PV, storage may allow 53% of European households to end reliance on grid

PV systems and battery storage
Image: Zolar

Thanks to PV systems and battery storage, millions of households in Europe are already partially self-sufficient.

A German-Swiss research group has calculated the potential for European residential buildings to achieve grid independence with solar-plus-storage solutions. The team aimed to determine whether such homes could abandon the grid completely.

They based their calculations on a database that combined detailed geographic data about European buildings and households with local climate and economic factors. Using advanced techniques to simplify the process on high-performance computers, they designed cost-optimized, self-sustaining energy systems for 4,000 representative single-family homes. These results were then applied to the 41 million single-family homes they analyzed using neural networks.

“Under today’s conditions, 53% of the 41 million buildings are technically capable of powering themselves through the use of local rooftop PV systems alone, independent of external infrastructure, and this share could rise to 75% by 2050 due to improved technologies,” said researcher Russell McKenna. “If we now assume that building owners would be willing to invest up to 50% more than would be necessary for a comparable energy system with a grid connection, then up to two million single-family homes could leave the grid by 2050.”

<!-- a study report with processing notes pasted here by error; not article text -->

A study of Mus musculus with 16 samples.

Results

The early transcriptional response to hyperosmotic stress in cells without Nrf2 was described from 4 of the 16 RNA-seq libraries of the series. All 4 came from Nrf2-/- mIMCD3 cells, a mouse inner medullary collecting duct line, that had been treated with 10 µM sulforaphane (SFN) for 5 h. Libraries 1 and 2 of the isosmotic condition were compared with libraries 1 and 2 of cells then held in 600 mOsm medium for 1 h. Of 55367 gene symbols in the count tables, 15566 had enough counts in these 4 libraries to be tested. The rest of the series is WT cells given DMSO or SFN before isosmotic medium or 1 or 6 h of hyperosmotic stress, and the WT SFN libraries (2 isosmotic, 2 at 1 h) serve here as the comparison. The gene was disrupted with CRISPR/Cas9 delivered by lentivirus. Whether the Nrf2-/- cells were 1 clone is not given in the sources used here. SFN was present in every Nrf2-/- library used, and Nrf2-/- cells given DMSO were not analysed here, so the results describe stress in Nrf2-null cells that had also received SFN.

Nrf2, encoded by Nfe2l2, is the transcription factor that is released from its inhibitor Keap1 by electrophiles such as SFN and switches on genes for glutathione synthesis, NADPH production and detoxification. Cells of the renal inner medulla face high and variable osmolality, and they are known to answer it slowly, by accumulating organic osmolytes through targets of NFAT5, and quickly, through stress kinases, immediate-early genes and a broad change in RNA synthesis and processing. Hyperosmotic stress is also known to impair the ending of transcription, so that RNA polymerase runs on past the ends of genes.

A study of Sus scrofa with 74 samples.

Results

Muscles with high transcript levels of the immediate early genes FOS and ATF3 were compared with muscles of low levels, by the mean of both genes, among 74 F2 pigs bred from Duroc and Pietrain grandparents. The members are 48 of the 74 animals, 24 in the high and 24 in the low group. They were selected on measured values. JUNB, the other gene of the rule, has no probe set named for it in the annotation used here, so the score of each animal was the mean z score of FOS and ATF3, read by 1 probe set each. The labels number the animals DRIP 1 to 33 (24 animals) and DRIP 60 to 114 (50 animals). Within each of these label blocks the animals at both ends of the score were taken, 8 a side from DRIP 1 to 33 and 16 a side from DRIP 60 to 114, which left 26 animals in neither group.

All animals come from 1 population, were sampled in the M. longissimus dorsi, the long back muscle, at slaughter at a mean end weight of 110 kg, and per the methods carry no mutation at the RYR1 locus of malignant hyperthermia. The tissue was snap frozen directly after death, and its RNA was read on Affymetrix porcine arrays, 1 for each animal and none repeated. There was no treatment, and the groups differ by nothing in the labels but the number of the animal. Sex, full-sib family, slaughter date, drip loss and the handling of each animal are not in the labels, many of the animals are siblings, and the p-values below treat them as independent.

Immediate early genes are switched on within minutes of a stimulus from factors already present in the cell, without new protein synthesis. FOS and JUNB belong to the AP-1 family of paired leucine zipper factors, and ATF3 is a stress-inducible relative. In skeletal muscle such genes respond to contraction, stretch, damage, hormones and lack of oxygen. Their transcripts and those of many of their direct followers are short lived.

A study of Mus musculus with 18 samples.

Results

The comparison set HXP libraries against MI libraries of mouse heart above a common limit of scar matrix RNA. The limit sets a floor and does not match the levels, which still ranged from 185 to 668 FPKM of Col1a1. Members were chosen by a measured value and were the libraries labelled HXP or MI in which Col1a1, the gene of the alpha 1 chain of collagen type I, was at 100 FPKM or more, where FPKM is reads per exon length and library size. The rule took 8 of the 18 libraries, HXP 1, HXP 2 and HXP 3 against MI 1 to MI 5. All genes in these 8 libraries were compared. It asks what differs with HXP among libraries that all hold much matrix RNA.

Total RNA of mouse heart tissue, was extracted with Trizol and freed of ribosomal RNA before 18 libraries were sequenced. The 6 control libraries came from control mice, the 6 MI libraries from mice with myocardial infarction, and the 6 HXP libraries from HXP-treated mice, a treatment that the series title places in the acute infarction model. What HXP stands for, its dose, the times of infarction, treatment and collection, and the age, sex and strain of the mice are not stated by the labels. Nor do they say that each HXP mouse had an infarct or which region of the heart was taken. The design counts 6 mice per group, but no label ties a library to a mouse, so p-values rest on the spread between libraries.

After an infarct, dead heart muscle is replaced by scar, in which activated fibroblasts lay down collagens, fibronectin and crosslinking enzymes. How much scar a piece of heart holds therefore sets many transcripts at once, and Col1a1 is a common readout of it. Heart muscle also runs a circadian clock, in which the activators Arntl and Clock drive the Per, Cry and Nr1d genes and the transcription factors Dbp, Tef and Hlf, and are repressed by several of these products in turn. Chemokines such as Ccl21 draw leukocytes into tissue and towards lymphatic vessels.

Energy self-sufficient residential buildings show great potential, particularly in regions with stable weather patterns like Spain and areas with high electricity costs such as Germany. Electrolysis could also be a key component in cost-optimized systems.

“Our results show that a successful, cost-optimal and self-sufficient energy supply system for buildings in Central Europe will consist of photovoltaics for electricity generation as well as a combination of short-term battery storage and a long-term, seasonal hydrogen storage system,” said researcher Jann Weinand.

The key question is whether widespread adoption of fully self-sufficient, off-grid supply systems aligns with an efficient energy system. Single-family homes can contribute significantly to stabilizing a renewable-based energy system through load management, on-demand solar power injection, and provision of balancing services.

The research group was formed by scientists from the Karlsruhe Institute of Technology (KIT) and the Forschungszentrum Jülich GmbH, as well as the Swiss Federal Institute of Technology Zurich (ETH Zurich) and the Paul Scherrer Institute.